Donald P. Sinclair has placed six separate gold coins in different slot machines in his casino. The lucky six who find these coins discover an opportunity of a lifetime. The chance to own $2 million. Locked up in a locker in New Mexico, these six contestants must now race each other, to be the first to the cash. There are no rules in place and everything that could possibly happen, does. Whilst, behind the scenes, Sinclair's associates are placing their bets.Written by
The Arabic tattoo on the neck of the Klaus Barbie museum guide reads "In the limits of allowed". See more »
When Vicki and Mr. Grisham are stealing the money near the end, Grisham is in the driver's seat and Vicki is in the passenger's seat. After the cow lands in the car, one shot shows that Mr. Grisham is in the passenger's seat. See more »
[after Sinclair has told them repeatedly to "go", to no avail]
So, when you say "go", you mean, just go?
Uh, begin, commence, start moving... theoretically you have been racing for about forty seconds now, and so far Mr. Schaffer is winning because he's nearest to the door.
The DVD contains 6 deleted scenes:
A scene in which one of the highrollers questions what they are doing.
A scene where the highrollers play monopoly using real money.
An additional scene on the Lucy bus.
An extended version of the Lucys chasing Owen. In this scene, they are stopped by a bus of Ricky Ricardo lookalikes
A scene in which Owen gets a ride from a moving house.
Underrated... except that it fizzles out at the end...
I have seen John Cleese in two films that I have actually liked him in. Frankenstein was the other one. In this one, he plays an eccentric billionaire who loves a good bet. In a later sequence of the film, he has his pilot wobble the plane around violently in order to see who will throw up first. But central to this film's plot is that he gathers a good ten people to partake in a bet on a grand scale. In a locker within a train station in New Mexico, he has stashed two million dollars and made six copies of the key. The first team to get there, unlock the locker, and take the money gets to keep it.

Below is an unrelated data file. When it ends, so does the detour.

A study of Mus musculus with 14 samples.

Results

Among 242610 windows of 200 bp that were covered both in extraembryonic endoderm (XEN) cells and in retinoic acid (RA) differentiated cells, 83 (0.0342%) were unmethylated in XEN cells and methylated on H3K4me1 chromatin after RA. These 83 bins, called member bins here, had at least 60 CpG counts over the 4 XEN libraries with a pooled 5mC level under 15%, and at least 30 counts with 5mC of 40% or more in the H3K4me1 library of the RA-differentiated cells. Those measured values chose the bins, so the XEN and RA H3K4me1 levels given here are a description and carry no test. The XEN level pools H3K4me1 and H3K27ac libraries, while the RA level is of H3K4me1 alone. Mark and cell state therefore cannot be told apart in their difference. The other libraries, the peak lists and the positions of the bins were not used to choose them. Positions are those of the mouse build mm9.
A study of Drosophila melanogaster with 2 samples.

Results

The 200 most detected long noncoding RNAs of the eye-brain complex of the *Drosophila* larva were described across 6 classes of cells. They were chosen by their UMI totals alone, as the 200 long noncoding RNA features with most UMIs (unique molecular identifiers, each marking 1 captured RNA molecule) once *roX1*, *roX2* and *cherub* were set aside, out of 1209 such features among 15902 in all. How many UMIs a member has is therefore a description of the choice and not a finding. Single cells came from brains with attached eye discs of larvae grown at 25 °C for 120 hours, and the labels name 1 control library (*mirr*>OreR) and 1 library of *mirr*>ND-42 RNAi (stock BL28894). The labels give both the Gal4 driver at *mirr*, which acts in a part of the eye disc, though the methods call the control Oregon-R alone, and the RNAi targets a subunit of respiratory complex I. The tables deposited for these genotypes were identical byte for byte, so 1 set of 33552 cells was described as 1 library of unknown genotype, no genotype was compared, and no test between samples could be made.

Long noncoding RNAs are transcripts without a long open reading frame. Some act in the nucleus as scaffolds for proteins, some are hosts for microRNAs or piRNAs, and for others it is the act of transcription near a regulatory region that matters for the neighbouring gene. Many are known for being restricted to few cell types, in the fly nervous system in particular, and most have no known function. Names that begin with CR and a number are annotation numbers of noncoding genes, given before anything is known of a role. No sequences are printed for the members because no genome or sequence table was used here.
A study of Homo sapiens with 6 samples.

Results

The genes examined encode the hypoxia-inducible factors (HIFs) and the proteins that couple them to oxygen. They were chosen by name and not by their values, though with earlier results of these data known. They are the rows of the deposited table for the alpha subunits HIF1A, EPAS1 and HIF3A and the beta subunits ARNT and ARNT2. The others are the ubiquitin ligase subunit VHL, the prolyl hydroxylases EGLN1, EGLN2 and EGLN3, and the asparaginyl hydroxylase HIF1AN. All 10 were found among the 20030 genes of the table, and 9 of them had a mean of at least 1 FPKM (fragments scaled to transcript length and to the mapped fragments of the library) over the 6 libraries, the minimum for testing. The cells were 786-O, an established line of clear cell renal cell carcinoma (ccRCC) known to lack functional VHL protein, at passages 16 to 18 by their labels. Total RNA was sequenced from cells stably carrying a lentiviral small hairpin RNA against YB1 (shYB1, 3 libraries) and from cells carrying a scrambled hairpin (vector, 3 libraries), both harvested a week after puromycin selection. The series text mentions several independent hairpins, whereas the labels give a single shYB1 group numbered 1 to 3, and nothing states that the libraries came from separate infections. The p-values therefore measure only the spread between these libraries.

Assembled for this mad race are a Narcoleptic Indian migrant (Rowan Atkinson), a materially-obsessed businesswoman and her long-lost mother (Whoopi Goldberg), and a football referee who is hated because of a botched coin toss call (Cuba Gooding, Jr. in a welcome return to form). And those are just the ones that have the craziest adventures (and the easiest ones to remember the actors' names). I would have liked to have seen what Bobcat Goldthwait would have done in a role like this, but there is always next time.
What makes this race so amusing is that no plausible extreme is deemed too over the top. A helicopter buzzing the pilot's boyfriend's house? Check. Driving to New Mexico with a bunch of Lucille Ball impersonators? Check. Hanging by a rope from a balloon and smashing into the sides of cows? Check. Even the opportunity to visit a World War II Revisionist museum and crash a convention of World War II veterans while physical injuries make you look like a bad Hitler impersonator isn't taboo here.
The only low point is the ending. After all of that excitement and lunacy, I really expected something better. Instead of a grand finale in which one last attempt is made to defy logic or reason, we get a corny cop-out ending at a concert for some lame pop band that wishes it was alternative. Not exactly what I would call a fitting end to one of the first films made in the last ten years that had me laughing from the beginning to the end.
So all in all, ten out of ten for the build-up, but minus two for the climax. Go and see it, you will not be disappointed, especially if your home theatre can handle Dolby Digital 5.1 soundtracks.